A new study shows that large bodies of water in urban areas can be effective at removing pollutants and heat from cities, but smaller ones can actually make the problem of the ‘heat island effect’ worse.
The counterintuitive results come from a study on the front cover of the latest issue of the journal Climate, conducted by researchers at the University of Bath and the University of Bologna in Italy, and has implications for how we plan our cities.
The team modelled the effects of different sizes and shapes of water bodies in city environments, where a combination of more buildings and roads, less vegetation, pollution and effects from other human activities mean cities can be up to 10°C warmer than surrounding rural areas – especially at night. In hot conditions, this temperature differential can be lethal, and it is expected to worsen as climate change makes the world warmer. By 2050 it is estimated heat-related deaths will reach 7,000 per annum across the UK.
It is commonly assumed that having water bodies, such as ponds and lakes dotted around urban areas can help cool them and improve air quality, with water vapour pulling both heat and pollutants upwards away from the surface as it evaporates.
However, the real-world performance of these ‘blue Nature Based Solutions’ (blue due to the use of water) are not well understood, with conflicting results from studies looking at the effects of large and small water bodies on surrounding urban areas.
This study, modelled by PhD student Petros Ampatzidis, compared the effects of different sizes and shapes of water bodies in an urban neighbourhood, under different conditions representative of different seasons.
Heat islands can be likened to a bubble of warm air sat over a city preventing heat and pollutants from dissipating, and this isolation is typically greatest during heat wave events. The modelling considered the level of isolation between the air trapped at street level and the atmosphere above and how this is affected by evaporation from bodies of water.
The results suggest that during late-summer nights when water is warmer than the surrounding air, inadequately sized water bodies promote increased temperature and humidity levels at street level, thereby worsening environmental conditions and increasing the risk of heat-related illness and mortality – because evaporating water cannot pierce the air bubble and remains trapped within it. In contrast, larger water bodies could send up strong enough water vapour plumes to pierce the air bubble and thus draw heat and pollutants away from the streets.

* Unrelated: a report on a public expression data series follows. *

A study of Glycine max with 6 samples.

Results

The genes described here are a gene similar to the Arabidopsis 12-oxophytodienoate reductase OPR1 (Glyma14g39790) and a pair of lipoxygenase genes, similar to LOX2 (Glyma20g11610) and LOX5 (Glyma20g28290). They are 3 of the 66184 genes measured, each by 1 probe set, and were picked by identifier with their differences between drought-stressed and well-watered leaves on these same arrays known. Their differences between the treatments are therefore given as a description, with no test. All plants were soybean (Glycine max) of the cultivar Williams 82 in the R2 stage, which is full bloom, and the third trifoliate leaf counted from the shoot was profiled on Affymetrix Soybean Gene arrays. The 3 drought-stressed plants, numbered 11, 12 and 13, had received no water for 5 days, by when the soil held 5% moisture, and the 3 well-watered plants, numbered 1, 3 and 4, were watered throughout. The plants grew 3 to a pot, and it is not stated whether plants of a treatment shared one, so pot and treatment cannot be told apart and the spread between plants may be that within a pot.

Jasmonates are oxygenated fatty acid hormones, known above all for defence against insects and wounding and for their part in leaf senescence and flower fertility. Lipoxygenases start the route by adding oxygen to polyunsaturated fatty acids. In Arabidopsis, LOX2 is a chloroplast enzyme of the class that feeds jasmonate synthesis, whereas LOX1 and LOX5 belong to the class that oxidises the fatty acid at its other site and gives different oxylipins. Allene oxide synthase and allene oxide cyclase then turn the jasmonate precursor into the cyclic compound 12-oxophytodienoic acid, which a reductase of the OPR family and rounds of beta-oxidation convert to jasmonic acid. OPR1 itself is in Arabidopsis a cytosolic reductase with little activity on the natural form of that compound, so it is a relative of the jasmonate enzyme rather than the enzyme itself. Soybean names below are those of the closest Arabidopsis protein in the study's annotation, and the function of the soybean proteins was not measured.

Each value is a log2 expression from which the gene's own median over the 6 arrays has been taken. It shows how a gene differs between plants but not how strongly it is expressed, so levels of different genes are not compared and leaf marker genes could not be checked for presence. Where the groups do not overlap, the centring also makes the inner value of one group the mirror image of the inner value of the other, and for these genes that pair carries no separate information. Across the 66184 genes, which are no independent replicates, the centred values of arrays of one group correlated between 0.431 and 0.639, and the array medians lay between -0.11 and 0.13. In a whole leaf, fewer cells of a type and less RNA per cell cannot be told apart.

The study also showed that networks of small water bodies could effectively cool areas and mitigate daytime extreme temperatures in spring and early summer, across larger distances compared with a single large water body.
Dr Tristan Kershaw, from the University of Bath’s Department of Architecture and Civil Engineering, who led the research, said: “People die of poor air quality in cities and of heat stress during heatwaves where cities can be 10°C greater than their rural surroundings. This research shows how we can use appropriately sized waterbodies to alleviate this, but also that if we do not size them correctly then the situation can be made worse.
“Our hope is that urban planners will use these findings when designing areas and give thought to how water bodies can tie in with atmospheric effects, the existing requirements for sustainable drainage solutions and providing environmental capital for the local residents. There’s an opportunity here to tie together tackling the heat island effect, drainage, leisure and ecosystem services in our developments.”
“Impact of Blue Space Geometry on Urban Heat Island Mitigation” is published in the journal Climate.
The research was funded by the Engineering and Physical Sciences Research Council (EPSRC).